Tuesday, 8 December 2020
Matters of Public Importance
I'm pleased to speak on this MPI on superannuation today. I remember when compulsory super was first introduced. I think I was in one of my first jobs. I did change jobs, and it took me a good decade and a half to relocate that original super that had been put away somewhere for me. Fortunately, I did. I'm also glad we're moving to a single-fund super system.
The Retirement income review has found that the Australian retirement income system is effective, that it's sound and that its costs are broadly sustainable. It also noted that there's room for improvement. Nobody on this side disagrees with the statement that superannuation is important. As the member for Hotham said—and I share her concerns—it's particularly concerning that women end up with about half the amount of super as men at their retirement. This is a concerning fact, but there are also many reasons for this. While I'm not wedded to any increase and while I haven't put a stake in the ground to say we shouldn't increase super, I do know that simply increasing super across the board is not going to address the difference between what men retire on and what women retire on. If we increase it across the board, everybody's super will increase, so that doesn't address the difference. What we should be more concerned with is making sure that women are retiring with an adequate amount of super, as opposed to necessarily comparing it to men's super.
I know that there are members on this side of this chamber who have expressed very publicly that they don't think the super guarantee should increase. I have not put my name to that, but I do have concerns when I hear arguments that increasing the rate of the super guarantee is not going to impact upon jobs or upon wages. I have been an employer. I have an been employer who actually increased superannuation for their employees in one year. There is a finite amount of income that a business or a not-for-profit earns. When you increase super, as we did one year by three per cent, it impacts the amount of money that you've got left to spend on other things. So a three per cent increase in super is of course going to impact upon any salary increases you can give or on additional jobs you might be able to offer. And, at this point in time, when we are all about creating jobs, it is important that we keep this dialogue going and keep looking at the superannuation guarantee. We want employers to be employing people. We want to get that unemployment rate, which has gone to a revolting level, to come down. If we need to look at the superannuation guarantee to do that—even if it's just in the short term or for a certain period of time—then that's what we should be doing. We want people to have jobs; we want people to be earning income now.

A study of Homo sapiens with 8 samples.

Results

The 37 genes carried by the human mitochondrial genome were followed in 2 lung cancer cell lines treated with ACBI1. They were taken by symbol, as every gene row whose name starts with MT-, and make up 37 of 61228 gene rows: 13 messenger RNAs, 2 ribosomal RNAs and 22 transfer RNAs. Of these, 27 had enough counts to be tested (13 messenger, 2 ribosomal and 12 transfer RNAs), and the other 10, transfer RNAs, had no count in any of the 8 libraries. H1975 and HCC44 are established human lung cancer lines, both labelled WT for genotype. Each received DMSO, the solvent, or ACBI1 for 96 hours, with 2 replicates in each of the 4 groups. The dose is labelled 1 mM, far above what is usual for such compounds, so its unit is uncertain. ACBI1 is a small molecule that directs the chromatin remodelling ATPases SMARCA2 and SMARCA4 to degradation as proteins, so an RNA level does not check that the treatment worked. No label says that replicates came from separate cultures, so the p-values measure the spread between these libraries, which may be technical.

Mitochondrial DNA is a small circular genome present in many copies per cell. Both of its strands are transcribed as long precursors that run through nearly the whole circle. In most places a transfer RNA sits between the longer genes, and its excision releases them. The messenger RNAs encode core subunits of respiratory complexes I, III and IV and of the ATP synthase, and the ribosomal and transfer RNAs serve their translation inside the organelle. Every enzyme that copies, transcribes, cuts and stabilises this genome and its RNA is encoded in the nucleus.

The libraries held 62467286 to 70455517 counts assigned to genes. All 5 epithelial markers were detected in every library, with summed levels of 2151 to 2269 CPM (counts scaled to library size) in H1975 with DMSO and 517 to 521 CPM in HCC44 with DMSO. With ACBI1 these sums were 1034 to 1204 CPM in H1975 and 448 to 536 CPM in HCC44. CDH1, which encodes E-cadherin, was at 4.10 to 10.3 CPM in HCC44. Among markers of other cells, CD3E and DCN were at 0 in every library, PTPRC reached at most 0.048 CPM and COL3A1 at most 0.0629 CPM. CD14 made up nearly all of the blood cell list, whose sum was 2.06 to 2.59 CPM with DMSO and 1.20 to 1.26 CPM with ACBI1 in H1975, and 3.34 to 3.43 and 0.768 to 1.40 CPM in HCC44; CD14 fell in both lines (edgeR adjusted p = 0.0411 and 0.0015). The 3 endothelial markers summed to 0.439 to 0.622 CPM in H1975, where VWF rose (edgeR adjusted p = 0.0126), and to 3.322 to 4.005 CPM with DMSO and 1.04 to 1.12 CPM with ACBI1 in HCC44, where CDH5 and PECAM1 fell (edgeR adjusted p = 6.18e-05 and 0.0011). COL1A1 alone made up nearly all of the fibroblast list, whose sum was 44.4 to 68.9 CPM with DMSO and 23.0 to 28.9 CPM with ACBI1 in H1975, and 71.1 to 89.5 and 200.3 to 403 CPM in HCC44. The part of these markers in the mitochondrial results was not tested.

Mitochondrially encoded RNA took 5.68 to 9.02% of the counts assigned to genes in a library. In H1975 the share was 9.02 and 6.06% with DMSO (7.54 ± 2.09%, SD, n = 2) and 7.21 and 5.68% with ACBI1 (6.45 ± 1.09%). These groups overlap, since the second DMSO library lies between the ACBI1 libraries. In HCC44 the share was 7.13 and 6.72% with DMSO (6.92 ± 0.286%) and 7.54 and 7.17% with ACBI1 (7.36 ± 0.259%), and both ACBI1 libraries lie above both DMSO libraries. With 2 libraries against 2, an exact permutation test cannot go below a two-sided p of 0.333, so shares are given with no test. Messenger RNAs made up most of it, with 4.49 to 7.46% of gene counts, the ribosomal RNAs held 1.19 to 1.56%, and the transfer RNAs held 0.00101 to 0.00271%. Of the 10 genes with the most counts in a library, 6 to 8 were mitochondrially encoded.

One thing related to this topic that I've become aware of as a result of my membership of the Standing Committee on Economics is the increasing power of industry super funds. My own super is with an industry super fund. But what we've seen through the House Economics Committee is that the trillion dollars these industry super funds now have is giving them an enormous amount of power and an enormous amount of control in the marketplace.
Our industry super funds boast—and I'm not saying 'boast' in a critical way. They advertise that they hold up to 10 per cent of shares in ASX 200 listed companies. To me, that gives rise to a problem, potentially, of common ownership. When you have the same bodies owning shares in all of our ASX 200 listed companies, there is a danger that we're impinging on that notion of common ownership, that the level of control and power they have over decisions being made in companies and in corporate boards all across Australia is excessive. I'm not saying this to signal out industry super funds as demonic bodies but rather to point out that this is something we need to watch—we need to watch as a government, we need to watch as an economy and we need to watch for the sake of our country.